A foreign performance of Jackie Chan in “The Foreigner”


Photo courtesy of imdb.com. Quan (Chan) hides in the woods from pursuing attackers of the IRA sent by Hennessy.

Justin Chang, Staff Writer

Note: “The Foreigner” is rated R by the MPAA.

“The Foreigner,” an adaptation of Stephen Leather novel “The Chinaman,” is an action-thriller film featuring Jackie Chan and Pierce Brosnan. Though Chan is prominently known for his action-packed films such as “Rush Hour” and “Shanghai Noon,” the film presents a different aspect of Chan, which involves a more emotional performance with sadness and grief.

The film follows Quan (Chan), a restaurant owner living in London with his daughter. Quan leads an ordinary, quiet life until things suddenly get out of hand when his daughter is killed in a terrorist bombing. Desperate for the bomber’s names, Quan turns to the police for answers, but ends up with nothing. Frustrated with police’s efforts, Quan finally takes matter into his own hands and pursues his daughter’s killers. His investigations lead him to a man named Liam Hennessy (Brosnan), an Irish government official and former leader of the IRA- the group of terrorists that killed Quan’s daughter. Realizing Hennessy’s involvement in the bombings, Quan continues to threaten Hennessy and the audience are led through a game of cat and mouse between the two.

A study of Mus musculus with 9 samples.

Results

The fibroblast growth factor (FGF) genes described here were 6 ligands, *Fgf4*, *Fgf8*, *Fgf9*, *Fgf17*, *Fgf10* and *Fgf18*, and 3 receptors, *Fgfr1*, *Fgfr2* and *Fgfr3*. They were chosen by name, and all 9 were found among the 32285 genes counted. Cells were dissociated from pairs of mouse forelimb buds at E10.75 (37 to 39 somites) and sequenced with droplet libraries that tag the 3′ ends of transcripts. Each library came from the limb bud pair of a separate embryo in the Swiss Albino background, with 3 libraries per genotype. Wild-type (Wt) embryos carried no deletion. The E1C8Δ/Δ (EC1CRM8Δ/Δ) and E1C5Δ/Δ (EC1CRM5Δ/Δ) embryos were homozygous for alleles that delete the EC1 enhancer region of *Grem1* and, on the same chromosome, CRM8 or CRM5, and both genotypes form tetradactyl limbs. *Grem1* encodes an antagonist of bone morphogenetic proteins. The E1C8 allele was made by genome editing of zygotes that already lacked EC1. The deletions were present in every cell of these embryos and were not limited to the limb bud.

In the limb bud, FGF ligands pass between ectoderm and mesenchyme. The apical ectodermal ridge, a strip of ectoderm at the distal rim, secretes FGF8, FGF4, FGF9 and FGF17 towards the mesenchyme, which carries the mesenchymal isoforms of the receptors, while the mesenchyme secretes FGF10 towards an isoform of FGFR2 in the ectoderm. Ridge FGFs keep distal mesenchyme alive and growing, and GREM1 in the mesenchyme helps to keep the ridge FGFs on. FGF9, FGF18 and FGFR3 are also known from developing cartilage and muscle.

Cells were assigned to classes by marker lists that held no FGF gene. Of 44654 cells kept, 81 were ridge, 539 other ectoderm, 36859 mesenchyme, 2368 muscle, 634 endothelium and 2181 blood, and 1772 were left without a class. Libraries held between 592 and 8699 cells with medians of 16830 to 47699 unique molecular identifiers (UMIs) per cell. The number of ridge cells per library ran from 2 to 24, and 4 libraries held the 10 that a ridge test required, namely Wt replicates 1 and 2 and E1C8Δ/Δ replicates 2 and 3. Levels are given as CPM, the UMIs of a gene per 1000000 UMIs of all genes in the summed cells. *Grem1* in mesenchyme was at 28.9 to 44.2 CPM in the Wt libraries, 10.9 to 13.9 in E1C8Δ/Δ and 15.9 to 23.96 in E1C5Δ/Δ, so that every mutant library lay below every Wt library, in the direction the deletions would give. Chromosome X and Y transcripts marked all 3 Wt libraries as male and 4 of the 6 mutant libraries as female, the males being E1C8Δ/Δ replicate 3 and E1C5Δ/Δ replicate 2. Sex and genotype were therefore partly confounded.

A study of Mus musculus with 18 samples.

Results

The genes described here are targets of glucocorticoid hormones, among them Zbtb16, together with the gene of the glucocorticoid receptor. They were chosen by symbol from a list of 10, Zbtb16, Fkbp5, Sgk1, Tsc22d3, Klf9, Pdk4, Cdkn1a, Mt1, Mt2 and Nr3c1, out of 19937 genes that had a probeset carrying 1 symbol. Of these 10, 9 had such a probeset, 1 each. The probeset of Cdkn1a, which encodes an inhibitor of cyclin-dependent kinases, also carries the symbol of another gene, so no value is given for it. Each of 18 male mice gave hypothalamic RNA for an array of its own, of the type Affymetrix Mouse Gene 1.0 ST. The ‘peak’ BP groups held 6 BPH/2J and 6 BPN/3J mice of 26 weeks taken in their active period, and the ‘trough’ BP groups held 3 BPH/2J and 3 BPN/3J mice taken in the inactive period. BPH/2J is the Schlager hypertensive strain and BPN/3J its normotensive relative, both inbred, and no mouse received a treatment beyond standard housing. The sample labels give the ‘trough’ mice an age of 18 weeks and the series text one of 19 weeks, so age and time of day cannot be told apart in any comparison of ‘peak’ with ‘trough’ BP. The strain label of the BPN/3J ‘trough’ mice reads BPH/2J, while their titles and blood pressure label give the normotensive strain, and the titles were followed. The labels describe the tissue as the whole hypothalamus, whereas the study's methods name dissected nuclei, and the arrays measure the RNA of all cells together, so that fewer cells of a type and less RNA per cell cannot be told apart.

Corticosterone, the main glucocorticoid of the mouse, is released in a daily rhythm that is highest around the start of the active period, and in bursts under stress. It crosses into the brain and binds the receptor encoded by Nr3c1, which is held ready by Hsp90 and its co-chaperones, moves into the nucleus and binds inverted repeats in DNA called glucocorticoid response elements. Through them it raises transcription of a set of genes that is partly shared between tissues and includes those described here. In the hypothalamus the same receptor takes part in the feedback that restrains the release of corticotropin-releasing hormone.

The film also presents excellent collaboration between the actors Chan and Brosnan, which enhances the desperate situations of both Quan and Hennessy. According to Chan, Brosnan was a highly professional actor on set and often assisted Chan with his script, even on his days off. Brosnan also praised Chan for his hard efforts and mentions that he is a huge fan of Chan. Furthermore, director Martin Campbell and Brosnan also showed great teamwork, as they have worked together in the 1995 James Bond film “GoldenEye” prior to the filming of “The Foreigner”.

Notably, Chan takes on a different role in “The Foreigner” compared to his other films. The role is less comedic and active, and focuses on the mourning of Quan’s dark secrets. Throughout the film, Chan shows a multitude of emotions ranging from sadness to anger caused by his daughter’s senseless death. According to Chan, he wanted to move away from comedy and action movies and aimed to be a “true actor,” an actor who can perform a variety of roles at any given moment.

Chan successfully performed his role an aging old man, grieving for the loss of his daughter. As film critic Peter Travers wrote in Rolling Stone, “The Foreigner” was “the most dramatic role Chan has ever tackled, and he plays it with coiled intensity and raw emotional power.”